More and more school districts are canceling their high football programs due to safety concerns. Amid reports about the effects of concussions and two recent deaths of high school football players, some schools are saying the sport is not worth the risk.
After a rash of injuries and low student participation in the football program at Missouri's Maplewood Richmond Heights High School, the school will be celebrating its annual homecoming without football - but there will be a soccer game.
Here & Now's Robin Young speaks with Nelson Mitten, president of the Maplewood Richmond Heights School Board, about the decision to cancel the football program.
Interview Highlights: Nelson Mitten
How tough was the decision to get rid of football?
"Well it was very hard. Less than five years ago, we were in the state championship. So it was extremely difficult to make this decision. But by the same token, when you simply don't have the student interest there, to some degree, the decision is dictated by that."
Did other schools contact you about this decision?
"Not really. We did a survey of other schools of our size within the state and found out that only one other school of our size had both a football and a soccer program for boys, both of which are in the fall here. But other than that, we really did not have other schools contact us about the decision."
On the student-alumni reaction
"I think they're upset and obviously concerned about it, but when you don't have the numbers and the likelihood of injury is great, I think they are understanding of that fact. The majority of students that were interested in playing varsity [athletics] were freshmen and sophomores who did not have a whole lot of experience. And therefore, we were going to be sending them out there as a varsity team against opponents that were physically larger, as well as more skilled. And when you have that sort of situation, that's just ripe for significant injuries."
On the recent deaths of high school football players
"Well obviously deaths are the extreme, they do happen occasionally and it is upsetting to see that. And from our perspective though, what we were seeing were permanent injuries. We had a significant ACL tear. We had a couple of major concussions on our players and we don't know the long-term effects of those. And I think, you know, some people are focusing on 'well this is just football.' But I think any sort of sport that might have those sorts of injuries needs to be analyzed and make sure that you're providing a safe and appropriate environment for our children to enjoy sports."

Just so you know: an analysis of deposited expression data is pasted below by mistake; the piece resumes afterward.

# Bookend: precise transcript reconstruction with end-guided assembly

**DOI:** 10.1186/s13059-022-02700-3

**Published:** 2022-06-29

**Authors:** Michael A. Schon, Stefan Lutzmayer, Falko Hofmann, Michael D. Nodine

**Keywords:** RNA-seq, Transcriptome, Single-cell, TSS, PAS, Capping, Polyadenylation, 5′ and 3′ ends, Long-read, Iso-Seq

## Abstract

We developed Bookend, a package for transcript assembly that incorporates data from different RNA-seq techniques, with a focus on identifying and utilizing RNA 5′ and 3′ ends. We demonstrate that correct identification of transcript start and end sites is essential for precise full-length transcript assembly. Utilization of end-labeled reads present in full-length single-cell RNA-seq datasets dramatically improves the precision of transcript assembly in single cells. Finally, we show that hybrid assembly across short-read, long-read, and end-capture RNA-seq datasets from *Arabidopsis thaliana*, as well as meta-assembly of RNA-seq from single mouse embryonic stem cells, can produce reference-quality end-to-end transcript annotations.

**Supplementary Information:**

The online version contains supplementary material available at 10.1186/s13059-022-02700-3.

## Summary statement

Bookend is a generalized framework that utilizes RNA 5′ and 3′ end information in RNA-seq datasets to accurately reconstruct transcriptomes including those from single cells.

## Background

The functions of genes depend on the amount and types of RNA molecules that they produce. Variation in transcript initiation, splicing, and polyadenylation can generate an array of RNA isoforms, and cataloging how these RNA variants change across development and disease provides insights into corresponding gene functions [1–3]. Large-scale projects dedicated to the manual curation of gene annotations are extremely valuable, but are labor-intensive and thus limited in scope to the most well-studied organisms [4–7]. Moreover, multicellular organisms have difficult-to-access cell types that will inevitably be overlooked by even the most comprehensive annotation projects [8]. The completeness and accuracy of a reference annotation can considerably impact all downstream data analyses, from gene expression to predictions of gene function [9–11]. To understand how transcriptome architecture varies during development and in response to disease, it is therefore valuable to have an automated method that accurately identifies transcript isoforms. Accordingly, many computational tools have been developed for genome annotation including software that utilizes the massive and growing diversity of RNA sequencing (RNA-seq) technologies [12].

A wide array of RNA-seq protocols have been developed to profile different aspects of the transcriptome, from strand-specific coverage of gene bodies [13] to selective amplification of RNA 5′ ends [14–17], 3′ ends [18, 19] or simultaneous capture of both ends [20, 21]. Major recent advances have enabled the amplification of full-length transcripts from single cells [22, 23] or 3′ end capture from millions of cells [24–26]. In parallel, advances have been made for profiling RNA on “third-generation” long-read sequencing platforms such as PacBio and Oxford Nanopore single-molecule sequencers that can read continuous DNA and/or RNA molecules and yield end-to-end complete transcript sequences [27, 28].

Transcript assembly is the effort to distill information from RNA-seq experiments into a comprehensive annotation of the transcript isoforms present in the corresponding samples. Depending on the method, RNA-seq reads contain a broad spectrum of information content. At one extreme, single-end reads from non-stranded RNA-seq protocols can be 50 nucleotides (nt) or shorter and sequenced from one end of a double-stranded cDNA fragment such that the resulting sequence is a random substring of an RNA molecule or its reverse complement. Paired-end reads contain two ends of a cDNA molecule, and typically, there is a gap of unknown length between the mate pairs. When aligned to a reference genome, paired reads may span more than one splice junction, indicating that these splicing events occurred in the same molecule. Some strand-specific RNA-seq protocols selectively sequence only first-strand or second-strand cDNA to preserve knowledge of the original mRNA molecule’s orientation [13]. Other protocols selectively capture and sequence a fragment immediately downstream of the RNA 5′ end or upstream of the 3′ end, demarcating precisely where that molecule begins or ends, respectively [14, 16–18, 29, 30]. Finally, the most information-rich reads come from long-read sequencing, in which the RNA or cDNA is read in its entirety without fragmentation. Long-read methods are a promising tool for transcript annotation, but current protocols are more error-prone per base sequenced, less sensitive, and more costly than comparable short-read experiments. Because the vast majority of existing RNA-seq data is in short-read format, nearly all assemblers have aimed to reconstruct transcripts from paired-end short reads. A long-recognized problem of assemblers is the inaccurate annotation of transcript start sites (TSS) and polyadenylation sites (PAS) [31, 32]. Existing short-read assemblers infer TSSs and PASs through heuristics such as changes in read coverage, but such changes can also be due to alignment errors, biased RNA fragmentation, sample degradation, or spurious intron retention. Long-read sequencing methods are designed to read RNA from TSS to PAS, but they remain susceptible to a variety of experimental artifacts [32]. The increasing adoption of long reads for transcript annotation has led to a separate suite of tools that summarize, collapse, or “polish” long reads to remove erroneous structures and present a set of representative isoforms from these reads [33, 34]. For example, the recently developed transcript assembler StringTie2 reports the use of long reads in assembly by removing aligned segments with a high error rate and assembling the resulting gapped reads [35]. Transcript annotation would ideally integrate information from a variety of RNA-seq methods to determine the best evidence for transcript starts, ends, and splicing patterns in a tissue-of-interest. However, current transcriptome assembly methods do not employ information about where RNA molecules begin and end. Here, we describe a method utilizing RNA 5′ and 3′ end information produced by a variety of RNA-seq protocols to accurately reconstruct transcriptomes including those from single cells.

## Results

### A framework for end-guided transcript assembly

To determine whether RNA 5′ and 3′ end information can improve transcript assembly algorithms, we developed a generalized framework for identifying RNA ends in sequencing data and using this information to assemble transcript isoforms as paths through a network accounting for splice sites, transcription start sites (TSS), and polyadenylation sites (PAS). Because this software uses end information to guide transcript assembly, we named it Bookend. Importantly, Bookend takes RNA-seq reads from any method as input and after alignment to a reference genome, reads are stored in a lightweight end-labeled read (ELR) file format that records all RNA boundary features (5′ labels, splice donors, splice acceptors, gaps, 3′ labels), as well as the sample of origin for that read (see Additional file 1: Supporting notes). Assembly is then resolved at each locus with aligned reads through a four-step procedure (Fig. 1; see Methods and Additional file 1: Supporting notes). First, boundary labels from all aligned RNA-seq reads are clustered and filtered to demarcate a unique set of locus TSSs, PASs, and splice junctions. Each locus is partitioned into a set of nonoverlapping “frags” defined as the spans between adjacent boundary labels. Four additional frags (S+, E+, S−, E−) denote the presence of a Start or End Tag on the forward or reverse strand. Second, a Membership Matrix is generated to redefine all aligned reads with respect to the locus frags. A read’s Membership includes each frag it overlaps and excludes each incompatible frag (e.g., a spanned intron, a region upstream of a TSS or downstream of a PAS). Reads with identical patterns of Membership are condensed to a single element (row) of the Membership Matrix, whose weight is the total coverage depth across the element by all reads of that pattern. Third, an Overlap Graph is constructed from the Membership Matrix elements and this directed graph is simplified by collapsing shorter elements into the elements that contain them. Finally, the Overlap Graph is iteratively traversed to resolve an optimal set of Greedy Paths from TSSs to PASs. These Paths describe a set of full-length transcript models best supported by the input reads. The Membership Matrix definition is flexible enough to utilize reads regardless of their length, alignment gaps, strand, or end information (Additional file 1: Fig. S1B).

Are you hearing from any parents that say football is an integral part of the town?
"Surprisingly, no. I've only heard from a couple of parents in informal conversations that were concerned about that. I urged them to come to the board and speak to us about it – none of them came. We have also heard some rumblings from alumni because our high school does have a long tradition of good high school football teams. However, I believe that anyone that really analyzes the situation and looks at the fact that the students are pretty much voting with their feet, and when the team you do field is just kind of undersized and getting injured, you know, it's not appropriate to continue with that sort of sport."
On the new plans for homecoming
"This event has caused us to refocus our entire homecoming. We are going to have a homecoming game, however, it's going to be a soccer game. And we are actually beefing up activities and doing things knowing that the community wants this sort of homecoming celebration and knowing that we can still provide that sort of celebration around a sport other than football - one that is being celebrated. For example, our soccer team is now ranked one of the top 10 in the area. And so, we're just changing the sport for the game. We're not changing homecoming."
- Nelson Mitten, president of the Maplewood Richmond Heights School Board in Missouri. He is also an attorney.
This segment aired on September 30, 2015.